Ben Chavis Takes Over

May 04, 1993

Yesterday was the Rev. Ben Chavis Jr.'s first day on the job as executive director of the NAACP, but the organization's new leader was already making news. Since being picked to succeed Benjamin L. Hooks, Mr. Chavis has been meeting with street gang members in South Central Los Angeles to fashion a truce between warring factions there and he plans to launch a nationwide campaign to recruit more young people as NAACP members.

"The one thing I've learned is that these young people are talented and intelligent," Mr. Chavis said. "All they need is a chance in life. We have to reach out and take more of a responsibility to help them get an education, a job and be productive."

On Saturday, Mr. Chavis gave a speech at Medgar Evers College in New York calling for greater efforts to bridge the economic and social gap between middle-class blacks and the poor by working for the economic empowerment of inner-city communities. He also said the NAACP will move toward opening its membership to include Hispanics and other people of color.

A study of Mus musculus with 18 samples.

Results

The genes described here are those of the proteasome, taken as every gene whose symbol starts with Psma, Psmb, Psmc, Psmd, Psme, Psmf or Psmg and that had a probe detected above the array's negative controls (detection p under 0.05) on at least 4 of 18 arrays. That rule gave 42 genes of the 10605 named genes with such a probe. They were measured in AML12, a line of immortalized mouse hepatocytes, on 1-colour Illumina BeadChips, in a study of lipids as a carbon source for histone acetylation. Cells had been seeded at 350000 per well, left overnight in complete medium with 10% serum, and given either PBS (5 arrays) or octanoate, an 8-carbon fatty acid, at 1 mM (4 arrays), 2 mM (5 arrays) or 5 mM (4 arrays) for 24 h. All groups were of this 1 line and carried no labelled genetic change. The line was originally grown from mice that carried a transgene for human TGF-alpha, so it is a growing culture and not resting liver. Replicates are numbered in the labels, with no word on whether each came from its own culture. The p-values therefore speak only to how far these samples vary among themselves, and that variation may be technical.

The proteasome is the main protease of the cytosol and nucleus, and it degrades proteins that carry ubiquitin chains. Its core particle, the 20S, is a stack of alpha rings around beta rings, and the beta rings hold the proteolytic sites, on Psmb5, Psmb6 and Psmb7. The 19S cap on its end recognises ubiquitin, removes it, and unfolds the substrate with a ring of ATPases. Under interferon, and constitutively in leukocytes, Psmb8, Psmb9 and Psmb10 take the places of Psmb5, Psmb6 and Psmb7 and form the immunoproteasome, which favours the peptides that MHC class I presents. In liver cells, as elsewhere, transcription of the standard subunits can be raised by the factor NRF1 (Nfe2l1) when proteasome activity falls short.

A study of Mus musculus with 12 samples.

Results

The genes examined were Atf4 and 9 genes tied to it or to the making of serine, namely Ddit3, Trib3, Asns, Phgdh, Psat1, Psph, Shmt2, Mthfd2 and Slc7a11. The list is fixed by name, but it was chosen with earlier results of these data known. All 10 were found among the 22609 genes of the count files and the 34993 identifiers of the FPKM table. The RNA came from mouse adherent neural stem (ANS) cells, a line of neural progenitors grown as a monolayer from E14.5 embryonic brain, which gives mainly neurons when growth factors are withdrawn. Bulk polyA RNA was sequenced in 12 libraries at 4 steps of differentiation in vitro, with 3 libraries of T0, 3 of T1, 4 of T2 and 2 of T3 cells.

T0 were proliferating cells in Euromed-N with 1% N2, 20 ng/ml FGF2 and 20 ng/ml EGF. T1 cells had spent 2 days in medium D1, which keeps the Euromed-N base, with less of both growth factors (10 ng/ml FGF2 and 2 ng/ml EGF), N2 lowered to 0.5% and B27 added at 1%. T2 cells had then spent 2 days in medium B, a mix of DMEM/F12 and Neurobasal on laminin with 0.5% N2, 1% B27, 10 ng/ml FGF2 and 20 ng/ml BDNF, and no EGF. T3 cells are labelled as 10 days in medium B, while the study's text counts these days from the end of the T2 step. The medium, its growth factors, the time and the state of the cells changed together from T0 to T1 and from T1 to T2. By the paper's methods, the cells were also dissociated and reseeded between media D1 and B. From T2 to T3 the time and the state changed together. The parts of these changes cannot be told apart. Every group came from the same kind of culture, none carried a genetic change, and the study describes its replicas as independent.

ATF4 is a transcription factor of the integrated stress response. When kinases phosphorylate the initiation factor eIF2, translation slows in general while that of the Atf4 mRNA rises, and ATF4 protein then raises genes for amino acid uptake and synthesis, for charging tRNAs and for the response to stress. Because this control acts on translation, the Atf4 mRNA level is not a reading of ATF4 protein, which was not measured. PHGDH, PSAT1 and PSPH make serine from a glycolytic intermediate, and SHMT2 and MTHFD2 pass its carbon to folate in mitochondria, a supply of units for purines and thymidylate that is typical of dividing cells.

Other goals outlined by Mr. Chavis include establishing an endowment for the NAACP, organizing more international chapters in Africa and the Caribbean and strengthening the local chapters in this country.

Mr. Chavis' ideas come as a breath of fresh air to an organization whose relevance in the post-civil rights era had been questioned by many blacks. His focus on young people and the problems of the inner-city poor represent a significant shift away from the legalistic approach adopted by the NAACP for much of its history. Mr. Chavis seems bent on setting a new course for the nation's oldest civil rights organization. Judging from last week's productive efforts he has already gotten a running start toward fulfilling that ambitious goal.